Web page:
It’s that time of year when Mel Kiper Jr. and other NFL draftniks talk about players whose stock is rising or falling.
The Buffalo Bills’ first draft pick from last year, EJ Manuel, is about to experience that terminology in the Wall Street sense. Starting on Monday, a brokerage firm called Fantex will sell stock in the Bills’ quarterback. The San Francisco-based firm will offer 523,700 shares, priced at $10 per share, through its website, Fantex.com.
What in the wide world of sports is going on here?
During the offseason, Manuel signed a contract with Fantex in which he received about $5 million up front in exchange for 10 percent of his future “brand income,” in the company’s words. That includes his football contracts, endorsement money, appearance fees and future endeavors such as broadcasting.
Manuel is entering the second year of his four-year, $8.9 million rookie contract with the Bills.
Investors are not literally buying shares of Manuel, so forget about holding shareholders’ meetings at his house. They will be purchasing shares of a so-called tracking stock that is tied to Manuel’s performance as a brand name and money-maker. The offering is regulated by the Securities and Exchange Commission. Like traditional securities traded on the New York Stock Exchange and the like, the value of Manuel’s stock will fluctuate based on what others are willing to pay for it.
Fantex last week began selling shares tied to Vernon Davis, the San Francisco 49ers tight end. Davis’ stock also opened at $10 per share, rose to $11 by Wednesday, and closed at $10.50 on Friday. Manuel will become the firm’s second athlete to be represented by shares of stock.
“This coming Monday people can go to Fantex.com and reserve their shares in the security,” Fantex CEO Buck French said in a phone interview. “We’ll finish up our process with the SEC and when they say you can turn those reservations into orders, that’s when we’ll take the money and give them the stock.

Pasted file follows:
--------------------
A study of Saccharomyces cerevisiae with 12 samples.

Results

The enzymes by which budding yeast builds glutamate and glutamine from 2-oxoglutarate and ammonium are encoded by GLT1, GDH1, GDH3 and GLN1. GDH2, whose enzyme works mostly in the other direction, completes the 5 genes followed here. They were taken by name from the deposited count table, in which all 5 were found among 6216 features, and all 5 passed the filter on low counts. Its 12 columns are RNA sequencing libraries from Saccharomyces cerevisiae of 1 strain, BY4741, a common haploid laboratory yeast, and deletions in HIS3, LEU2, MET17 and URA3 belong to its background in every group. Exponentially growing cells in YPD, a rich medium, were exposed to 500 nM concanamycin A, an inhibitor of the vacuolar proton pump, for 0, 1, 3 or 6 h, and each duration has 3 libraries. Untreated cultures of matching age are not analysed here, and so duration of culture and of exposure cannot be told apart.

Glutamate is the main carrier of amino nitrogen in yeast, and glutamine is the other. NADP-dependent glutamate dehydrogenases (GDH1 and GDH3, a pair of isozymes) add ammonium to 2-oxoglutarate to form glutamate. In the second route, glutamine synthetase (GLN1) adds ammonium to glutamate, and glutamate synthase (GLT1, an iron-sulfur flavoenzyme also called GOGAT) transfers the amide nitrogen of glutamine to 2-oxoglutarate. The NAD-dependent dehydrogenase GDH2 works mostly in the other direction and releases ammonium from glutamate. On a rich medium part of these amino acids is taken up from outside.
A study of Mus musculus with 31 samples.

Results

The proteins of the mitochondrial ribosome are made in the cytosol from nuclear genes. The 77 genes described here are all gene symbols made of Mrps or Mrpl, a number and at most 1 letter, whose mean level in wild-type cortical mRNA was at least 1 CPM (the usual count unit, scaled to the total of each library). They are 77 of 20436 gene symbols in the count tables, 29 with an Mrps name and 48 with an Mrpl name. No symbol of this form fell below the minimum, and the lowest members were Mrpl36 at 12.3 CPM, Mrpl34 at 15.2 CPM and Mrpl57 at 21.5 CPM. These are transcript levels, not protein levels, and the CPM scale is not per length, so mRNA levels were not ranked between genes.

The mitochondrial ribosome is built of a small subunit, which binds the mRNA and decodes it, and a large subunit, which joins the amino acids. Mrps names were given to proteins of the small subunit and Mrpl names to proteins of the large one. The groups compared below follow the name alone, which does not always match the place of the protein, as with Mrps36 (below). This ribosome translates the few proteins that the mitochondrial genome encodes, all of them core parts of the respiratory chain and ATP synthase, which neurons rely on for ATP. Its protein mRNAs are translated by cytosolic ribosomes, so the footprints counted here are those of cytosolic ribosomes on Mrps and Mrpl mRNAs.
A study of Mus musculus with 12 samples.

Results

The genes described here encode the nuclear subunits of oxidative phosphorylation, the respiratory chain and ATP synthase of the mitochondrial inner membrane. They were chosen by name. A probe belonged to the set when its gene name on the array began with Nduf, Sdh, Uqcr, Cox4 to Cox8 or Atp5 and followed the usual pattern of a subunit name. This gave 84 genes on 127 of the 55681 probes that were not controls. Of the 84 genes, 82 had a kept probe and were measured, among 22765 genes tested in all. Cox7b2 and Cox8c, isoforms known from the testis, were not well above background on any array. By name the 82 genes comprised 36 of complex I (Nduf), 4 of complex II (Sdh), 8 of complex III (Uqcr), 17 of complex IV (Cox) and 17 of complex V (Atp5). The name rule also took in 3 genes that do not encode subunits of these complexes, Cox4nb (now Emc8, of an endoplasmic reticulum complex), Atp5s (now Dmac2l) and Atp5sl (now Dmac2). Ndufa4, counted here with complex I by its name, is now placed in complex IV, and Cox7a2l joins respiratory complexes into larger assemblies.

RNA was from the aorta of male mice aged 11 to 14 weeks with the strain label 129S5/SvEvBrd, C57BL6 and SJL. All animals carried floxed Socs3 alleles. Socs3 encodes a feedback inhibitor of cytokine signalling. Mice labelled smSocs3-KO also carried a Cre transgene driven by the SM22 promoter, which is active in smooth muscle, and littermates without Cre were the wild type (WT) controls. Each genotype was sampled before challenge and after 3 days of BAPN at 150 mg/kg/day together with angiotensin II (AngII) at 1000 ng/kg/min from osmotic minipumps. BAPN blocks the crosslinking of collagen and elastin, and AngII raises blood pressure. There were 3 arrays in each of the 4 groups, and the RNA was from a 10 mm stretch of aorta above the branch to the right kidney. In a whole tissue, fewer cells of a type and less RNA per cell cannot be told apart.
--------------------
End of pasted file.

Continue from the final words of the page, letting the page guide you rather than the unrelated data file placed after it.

“The key to all of this is that it’s linked to underlying cash flow of the athlete and our goal as a business is to help increase that cash-flow stream so that ultimately we create better shareholder value.”
Fantex cautions on its website about the risk of any securities investment.
“Fantex Tracking stocks are highly risky and speculative and should be considered only by persons who can afford the loss of their entire investment,” the company says.
A known risk with Manuel, of course, is his ability to stay healthy after a rookie year in which he dealt with three knee injuries.
“It’s not that he’s not going to make any more money,” if he gets hurt, French said, “but you’re probably worried that he’s not going to play as long as you thought he was going to play. Or maybe he doesn’t play again at all, so you would see people wanting to sell, but then you might see people on the other side who are buying because the price is low and they think, now people have oversold.”
Fantex will also serve as a marketing adviser to the Bills’ quarterback. Manuel met with Fantex’s team in San Francisco over the winter and attended what it calls a CEO bootcamp to discuss branding strategies.
“Our goal is to help more broadly define in the marketplace the EJ Manuel brand such that we create an audience that’s more diversified than just people who are fans of football, quarterbacks and the Buffalo Bills,” French said. “Ultimately we believe that your brand can create a higher probability of sustainability if you actually show the other interests that you have.”